Choosing the right timber for the task is one thing but deciding how it needs to be finished is another, and equally as important. More than just staining – the detail really begins with the grain.

Take American red oak as an example, a readily available timber that is both sustainably grown and good value, with a similar grain pattern to American white oak. The difference is that it is more porous, making it perfect for staining in applications like floor boards. Its porosity is the reason it isn’t used for wine or whiskey barrels, though treated right it can cope with a spill or two over time.

Greg Natale with his Stripped seat for AHEC, produced by Evostyle using charred American Red Oak and Tulipwood. Photograph by Tom Ferguson.

It can also be treated in different ways as designer Greg Natale showed in his Stripped piece launched at DENFAIR in 2016. Combining American red oak and tulipwood the roots of the concept were in the contrast of finishes.

Using a blow-torch on timber then covering it in resin can create contrasts for furniture and exteriors. Pictured here is a test of Greg Natale's Stripped seat for AHEC, produced by Evostyle. Photograph by Tom Ferguson.

Opening up the grain of the oak with a wire brush, the timber was then carefully charred and offset by a lime dust treatment to the tulipwood, giving it a milky white appearance. The technique of charring timber is part craft and part science, great for furniture and exterior applications if done correctly, and through these kinds of experimentations the modern-day furniture maker is no longer just good with the tools.

Mixing things up, you can finish timber in many different ways – shifting aesthetics whilst retaining the integrity of the original material. Processes like tea-staining or ebonising can turn a blonde timber to black in seconds using chemical reactions to create stunning effects.

This custom outdoor setting by Nathan Day Design in Western Australia is actually made of Jarrah, though the red tones have been darkened through a process called ebonising.

Applying an iron-acetate solution triggers a reaction in the naturally occurring tannins of certain types of wood turning it black, a process equally easy to reversed using oxalic acid as demonstrated HERE by Western Australian designer/maker Nathan Day. Tea-staining, which is a little bit more DIY, requires a bit of practice but essentially it requires leaving steel wool or nails in vinegar for at least ten hours then brushing steeped tea onto the timber followed by the vinegar mix.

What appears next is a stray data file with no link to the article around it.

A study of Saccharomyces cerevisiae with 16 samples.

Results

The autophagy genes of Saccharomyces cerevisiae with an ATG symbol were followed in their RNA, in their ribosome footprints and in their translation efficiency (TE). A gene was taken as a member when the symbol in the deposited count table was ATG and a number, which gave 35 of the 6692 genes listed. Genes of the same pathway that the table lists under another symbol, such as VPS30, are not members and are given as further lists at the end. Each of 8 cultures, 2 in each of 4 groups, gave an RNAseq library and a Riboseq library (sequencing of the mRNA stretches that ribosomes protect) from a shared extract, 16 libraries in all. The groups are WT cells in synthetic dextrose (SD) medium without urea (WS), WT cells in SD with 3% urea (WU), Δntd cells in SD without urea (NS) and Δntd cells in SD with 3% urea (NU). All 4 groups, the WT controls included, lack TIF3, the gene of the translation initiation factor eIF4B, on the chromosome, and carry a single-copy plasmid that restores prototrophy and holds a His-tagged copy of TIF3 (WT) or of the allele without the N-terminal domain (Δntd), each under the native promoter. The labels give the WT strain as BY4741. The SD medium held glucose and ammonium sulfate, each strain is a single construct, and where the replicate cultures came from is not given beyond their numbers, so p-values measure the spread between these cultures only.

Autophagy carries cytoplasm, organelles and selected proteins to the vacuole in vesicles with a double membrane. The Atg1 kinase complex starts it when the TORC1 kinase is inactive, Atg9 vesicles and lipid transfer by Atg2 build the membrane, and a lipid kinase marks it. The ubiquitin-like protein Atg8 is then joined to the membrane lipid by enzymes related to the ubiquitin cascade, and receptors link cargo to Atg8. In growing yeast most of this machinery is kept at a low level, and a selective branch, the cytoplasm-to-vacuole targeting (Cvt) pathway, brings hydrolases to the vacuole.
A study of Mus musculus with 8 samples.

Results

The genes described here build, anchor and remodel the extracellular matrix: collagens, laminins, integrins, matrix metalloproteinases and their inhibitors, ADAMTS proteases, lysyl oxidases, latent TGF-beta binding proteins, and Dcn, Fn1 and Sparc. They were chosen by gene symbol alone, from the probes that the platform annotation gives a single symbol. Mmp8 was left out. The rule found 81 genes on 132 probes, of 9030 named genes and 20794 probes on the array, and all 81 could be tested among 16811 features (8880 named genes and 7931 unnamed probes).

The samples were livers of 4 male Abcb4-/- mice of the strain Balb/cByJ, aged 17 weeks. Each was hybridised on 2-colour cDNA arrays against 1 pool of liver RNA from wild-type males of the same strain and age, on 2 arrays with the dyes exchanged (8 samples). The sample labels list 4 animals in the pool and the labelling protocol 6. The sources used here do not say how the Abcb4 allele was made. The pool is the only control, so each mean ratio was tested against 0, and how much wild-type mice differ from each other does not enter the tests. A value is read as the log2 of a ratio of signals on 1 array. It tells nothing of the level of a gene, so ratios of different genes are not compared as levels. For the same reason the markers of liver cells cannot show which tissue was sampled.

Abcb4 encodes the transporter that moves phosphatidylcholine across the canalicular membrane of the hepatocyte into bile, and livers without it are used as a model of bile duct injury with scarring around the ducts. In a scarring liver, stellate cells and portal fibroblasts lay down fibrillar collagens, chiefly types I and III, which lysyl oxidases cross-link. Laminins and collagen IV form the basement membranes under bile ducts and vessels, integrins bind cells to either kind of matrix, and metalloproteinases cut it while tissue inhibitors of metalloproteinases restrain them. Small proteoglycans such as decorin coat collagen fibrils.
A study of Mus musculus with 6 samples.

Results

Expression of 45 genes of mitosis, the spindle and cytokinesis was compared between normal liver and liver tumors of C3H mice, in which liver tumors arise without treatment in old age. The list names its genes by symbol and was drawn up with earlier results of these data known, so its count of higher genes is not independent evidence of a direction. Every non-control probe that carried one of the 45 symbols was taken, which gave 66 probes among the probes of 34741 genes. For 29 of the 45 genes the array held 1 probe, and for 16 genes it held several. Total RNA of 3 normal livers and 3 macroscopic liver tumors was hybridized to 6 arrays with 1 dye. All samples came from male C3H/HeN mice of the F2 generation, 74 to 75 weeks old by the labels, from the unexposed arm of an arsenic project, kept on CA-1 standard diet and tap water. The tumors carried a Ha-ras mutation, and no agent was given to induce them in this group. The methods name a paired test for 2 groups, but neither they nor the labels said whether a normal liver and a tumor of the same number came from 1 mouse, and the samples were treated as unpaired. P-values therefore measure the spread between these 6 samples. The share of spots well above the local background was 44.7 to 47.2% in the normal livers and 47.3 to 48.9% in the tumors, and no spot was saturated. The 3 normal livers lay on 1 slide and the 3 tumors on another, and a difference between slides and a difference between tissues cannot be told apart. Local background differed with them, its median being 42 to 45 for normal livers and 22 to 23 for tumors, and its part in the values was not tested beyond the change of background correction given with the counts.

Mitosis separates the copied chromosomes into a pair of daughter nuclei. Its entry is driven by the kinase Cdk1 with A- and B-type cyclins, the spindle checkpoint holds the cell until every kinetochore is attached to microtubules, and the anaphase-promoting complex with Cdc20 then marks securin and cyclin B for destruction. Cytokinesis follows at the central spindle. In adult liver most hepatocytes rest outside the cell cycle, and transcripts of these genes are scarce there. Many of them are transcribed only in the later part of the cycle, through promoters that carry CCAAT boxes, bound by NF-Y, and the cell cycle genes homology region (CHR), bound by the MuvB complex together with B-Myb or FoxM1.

Of course, these methods take time to perfect, as do the mixtures, but they are a little safer than actually burning the timber with a blow-torch.

When it comes to coating timber, it really does come to the purpose and how much effort you are willing to put in to maintain how it looks. Polyurethane coatings are hard wearing but, if scratched, can be very hard to repair. Using high quality oil finishes is a better option as marks can be sanded out and the surface re-oiled.

Another nifty DIY trick is to coat table tops and chopping boards with lemon oil. Mixing lemon juice and olive oil in a simple water sprayer, applying the oil is simple but does require a bit of sanding and a few coats to get it right. Similarly, a soap finish – created using soap flakes and hot water – scrubbed into the timber leaves a protective, waxy coating that feels great and smells nice too.

All of these techniques require a bit of investigation and some time invested though they can be worth the effort in both personal satisfaction and the longevity of your possessions.



Tea staining, soap waxing or lemon oiling – easily done at home but test your mixture on an off-cut or the back of the timber first, most ingredients can be found in the kitchen or the laundry.

Charring – unless you are familiar with a blow-torch then don't try this at home and absolutely NOT indoors.

Oiling floorboards or decking – this requires professional tools and understanding to ensure you don't damage the timber, consult a specialist.